Todd Blomdahl grew up dreaming of becoming a professional baseball player, not a professional firefighter.
When his baseball dreams ended in college, Blomdahl, 50, joined the Navy and became a firefighter on the minesweeper ship he served on.
“That’s the first time I had ever been exposed to firefighting and I just loved it … and it was something I did very well,” said Blomdahl, now the fire marshal at Midway Fire Rescue.
Blomdahl was born in Bridgeport, Connecticut, but moved as a child with his family to Florida.
“My dad hated the snow,” he said.
After graduating from Plantation High School in Plantation, Florida, Blomdahl played baseball for a few years at Broward Community College.
He quit before getting his degree and joined the Navy in 1985 and was stationed in Charleston.
When he left the Navy, he settled in Murrells Inlet, close to where his wife, Suzanne, grew up, and began volunteering with the Murrells Inlet-Garden City Fire Department. At the time, he said, he didn’t think he would make a career out of it.
Blomdahl moved his family back to south Florida so he could work as a yacht mechanic. He also started a book company, which he later sold, and brought his family back to Murrells Inlet.
With his wife running her own company, Blomdahl began volunteering for Murrells Inlet-Garden City Fire again and became a stay-at-home dad – “greatest job ever,” he added.
Twenty-three years ago, Blomdahl starting training to become a full-time firefighter at Midway. It was the last recruiting class the department would have.
“At that time, it was very easy to get a job as a firefighter,” Blomdahl said.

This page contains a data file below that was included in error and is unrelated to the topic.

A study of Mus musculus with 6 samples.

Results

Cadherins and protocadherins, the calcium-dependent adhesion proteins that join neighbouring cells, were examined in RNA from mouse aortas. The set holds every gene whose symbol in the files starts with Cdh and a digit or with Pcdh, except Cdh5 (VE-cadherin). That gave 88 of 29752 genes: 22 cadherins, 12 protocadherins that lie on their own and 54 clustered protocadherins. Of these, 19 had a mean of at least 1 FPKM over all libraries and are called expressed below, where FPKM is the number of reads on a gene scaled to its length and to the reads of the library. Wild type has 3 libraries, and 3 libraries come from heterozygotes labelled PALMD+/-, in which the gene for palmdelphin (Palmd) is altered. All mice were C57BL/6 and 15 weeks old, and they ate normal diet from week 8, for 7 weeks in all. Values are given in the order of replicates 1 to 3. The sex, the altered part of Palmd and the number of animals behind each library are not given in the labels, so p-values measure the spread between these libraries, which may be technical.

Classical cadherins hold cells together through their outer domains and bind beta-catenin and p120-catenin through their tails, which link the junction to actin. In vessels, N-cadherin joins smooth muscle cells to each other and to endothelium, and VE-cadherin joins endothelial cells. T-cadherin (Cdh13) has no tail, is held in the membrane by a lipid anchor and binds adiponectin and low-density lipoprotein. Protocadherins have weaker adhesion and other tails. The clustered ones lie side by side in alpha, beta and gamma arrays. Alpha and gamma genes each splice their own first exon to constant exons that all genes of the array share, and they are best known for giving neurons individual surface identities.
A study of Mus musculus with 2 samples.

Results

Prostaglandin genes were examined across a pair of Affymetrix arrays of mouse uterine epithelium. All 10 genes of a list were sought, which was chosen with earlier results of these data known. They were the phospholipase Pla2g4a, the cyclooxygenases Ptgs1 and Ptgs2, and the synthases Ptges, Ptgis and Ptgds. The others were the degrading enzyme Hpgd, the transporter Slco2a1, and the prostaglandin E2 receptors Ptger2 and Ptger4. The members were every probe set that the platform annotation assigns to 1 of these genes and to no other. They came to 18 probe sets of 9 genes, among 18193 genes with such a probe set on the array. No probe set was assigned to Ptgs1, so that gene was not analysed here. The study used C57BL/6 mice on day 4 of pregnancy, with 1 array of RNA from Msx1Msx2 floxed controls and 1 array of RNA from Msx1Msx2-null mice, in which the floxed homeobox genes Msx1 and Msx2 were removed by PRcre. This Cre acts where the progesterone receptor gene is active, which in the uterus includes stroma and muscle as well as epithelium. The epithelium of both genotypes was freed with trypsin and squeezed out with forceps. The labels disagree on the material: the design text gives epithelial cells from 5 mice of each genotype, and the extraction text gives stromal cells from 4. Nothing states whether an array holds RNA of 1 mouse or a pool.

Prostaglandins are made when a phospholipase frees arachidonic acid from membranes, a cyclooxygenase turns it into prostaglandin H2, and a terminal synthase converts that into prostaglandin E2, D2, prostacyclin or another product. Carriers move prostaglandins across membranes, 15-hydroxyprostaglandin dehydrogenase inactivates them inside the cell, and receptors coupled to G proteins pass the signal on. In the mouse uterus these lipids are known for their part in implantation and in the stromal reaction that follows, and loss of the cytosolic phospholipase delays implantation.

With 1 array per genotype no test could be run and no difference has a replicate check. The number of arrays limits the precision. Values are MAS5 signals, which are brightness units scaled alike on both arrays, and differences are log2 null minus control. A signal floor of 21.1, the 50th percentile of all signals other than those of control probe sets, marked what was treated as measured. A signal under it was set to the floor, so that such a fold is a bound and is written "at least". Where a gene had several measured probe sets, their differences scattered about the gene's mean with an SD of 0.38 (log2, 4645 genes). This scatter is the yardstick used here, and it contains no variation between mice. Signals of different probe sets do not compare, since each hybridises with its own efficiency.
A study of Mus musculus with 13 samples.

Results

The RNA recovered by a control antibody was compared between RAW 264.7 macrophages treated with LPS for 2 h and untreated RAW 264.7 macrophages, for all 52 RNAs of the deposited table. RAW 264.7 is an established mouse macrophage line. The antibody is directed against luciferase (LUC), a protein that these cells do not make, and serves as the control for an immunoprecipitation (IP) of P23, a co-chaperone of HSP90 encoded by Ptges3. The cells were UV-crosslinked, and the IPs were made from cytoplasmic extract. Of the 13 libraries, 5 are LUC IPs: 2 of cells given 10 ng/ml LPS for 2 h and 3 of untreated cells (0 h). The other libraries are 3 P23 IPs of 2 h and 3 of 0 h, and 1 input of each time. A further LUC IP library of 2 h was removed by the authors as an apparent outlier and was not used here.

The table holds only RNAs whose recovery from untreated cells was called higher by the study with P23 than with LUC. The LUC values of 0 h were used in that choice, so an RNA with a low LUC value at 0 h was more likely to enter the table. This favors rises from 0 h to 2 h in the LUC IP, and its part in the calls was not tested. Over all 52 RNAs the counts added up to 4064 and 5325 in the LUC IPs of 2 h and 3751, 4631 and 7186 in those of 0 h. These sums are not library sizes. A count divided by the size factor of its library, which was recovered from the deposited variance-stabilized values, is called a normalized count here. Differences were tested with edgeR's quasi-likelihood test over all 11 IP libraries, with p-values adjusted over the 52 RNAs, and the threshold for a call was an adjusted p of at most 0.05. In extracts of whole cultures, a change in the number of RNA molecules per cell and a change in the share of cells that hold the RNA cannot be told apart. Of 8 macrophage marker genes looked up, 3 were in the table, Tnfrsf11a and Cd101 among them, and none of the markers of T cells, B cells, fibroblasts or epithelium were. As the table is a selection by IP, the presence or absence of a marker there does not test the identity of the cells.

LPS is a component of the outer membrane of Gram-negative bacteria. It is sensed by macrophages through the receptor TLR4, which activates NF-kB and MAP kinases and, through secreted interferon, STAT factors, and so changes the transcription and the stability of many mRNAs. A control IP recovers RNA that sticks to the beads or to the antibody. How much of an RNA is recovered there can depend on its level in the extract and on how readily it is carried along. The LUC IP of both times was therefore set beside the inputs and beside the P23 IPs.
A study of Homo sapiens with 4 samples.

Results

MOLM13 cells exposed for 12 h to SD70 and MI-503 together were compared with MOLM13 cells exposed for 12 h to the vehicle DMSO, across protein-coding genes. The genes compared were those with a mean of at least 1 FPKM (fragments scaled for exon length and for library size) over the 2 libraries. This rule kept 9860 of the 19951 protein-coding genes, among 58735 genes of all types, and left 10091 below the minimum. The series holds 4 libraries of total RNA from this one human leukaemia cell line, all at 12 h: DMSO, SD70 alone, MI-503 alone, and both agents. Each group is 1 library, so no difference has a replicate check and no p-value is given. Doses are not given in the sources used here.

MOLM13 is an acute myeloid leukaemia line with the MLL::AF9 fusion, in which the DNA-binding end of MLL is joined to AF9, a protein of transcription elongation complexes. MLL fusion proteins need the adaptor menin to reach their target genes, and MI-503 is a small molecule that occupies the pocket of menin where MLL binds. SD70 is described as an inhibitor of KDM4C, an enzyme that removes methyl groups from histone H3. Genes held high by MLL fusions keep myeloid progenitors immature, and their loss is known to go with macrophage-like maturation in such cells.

After getting his firefighting and EMT certifications, Blomdahl was hired by Murrells Inlet-Garden City Fire, where he worked until he joined Midway in 1995.
After rising through the ranks to become a master firefighter, the fire inspector’s job came open, and Blomdahl jumped at it.
“I always enjoyed public education, public speaking and working with the business community,” he said. “So I thought, ‘Hey, this might be a good opportunity'.”
Blomdahl’s sons, Justin and Christian, were young at the time so he said he thought the hours would be better.
“The five-day a week schedule fit well,” Blomdahl said.
When he started 17 years ago, Midway did two or three public education programs a year. Now Blomdahl oversees 60 or 70 events a year, reaching thousands of people of all ages.
“We’ve ramped up our public education dramatically,” he said.
Midway firefighters have yearly run programs with every Waccamaw Neck student in kindergarten through eighth grade. There are also programs for businesses and older adults and free home safety inspections.
Blomdahl believes that public-education programs lead to a decrease in fire calls because people are more aware of how to be safe.
“By reducing the amount of mistakes as human beings ... it makes our firefighters safer, makes out community safer, and it makes everybody better off because we don’t have as many fires,” Blomdahl said.
Blomdahl is about three years from retirement and said he has no plans for any more promotions.
He and Suzanne love to travel, taking about three or four trips a year, and he still loves being on a boat and fishing.
Blomdahl used to coach his oldest son, Justin, in soccer and said he may want to get back into coaching after retiring from Midway.
He said he gets asked a lot by teenagers about becoming a firefighter. He always tells them to start volunteering for a fire department first and see if you like it before paying for training. He also suggests young adults get a college degree first since most departments require a degree to be an officer and a degree will give them an advantage over other candidates when applying for a job.
“Everything being equal between the two (candidates), one of them has a bachelor’s degree and the other one has no degree, than the chances are the bachelor’s degree is going to get you in the door,” said Blomdahl, who has an associate’s degree in fire science from Horry Georgetown Technical College.
“The degree will get you through the door,” he said. “What you do when you get through the door is up to you.”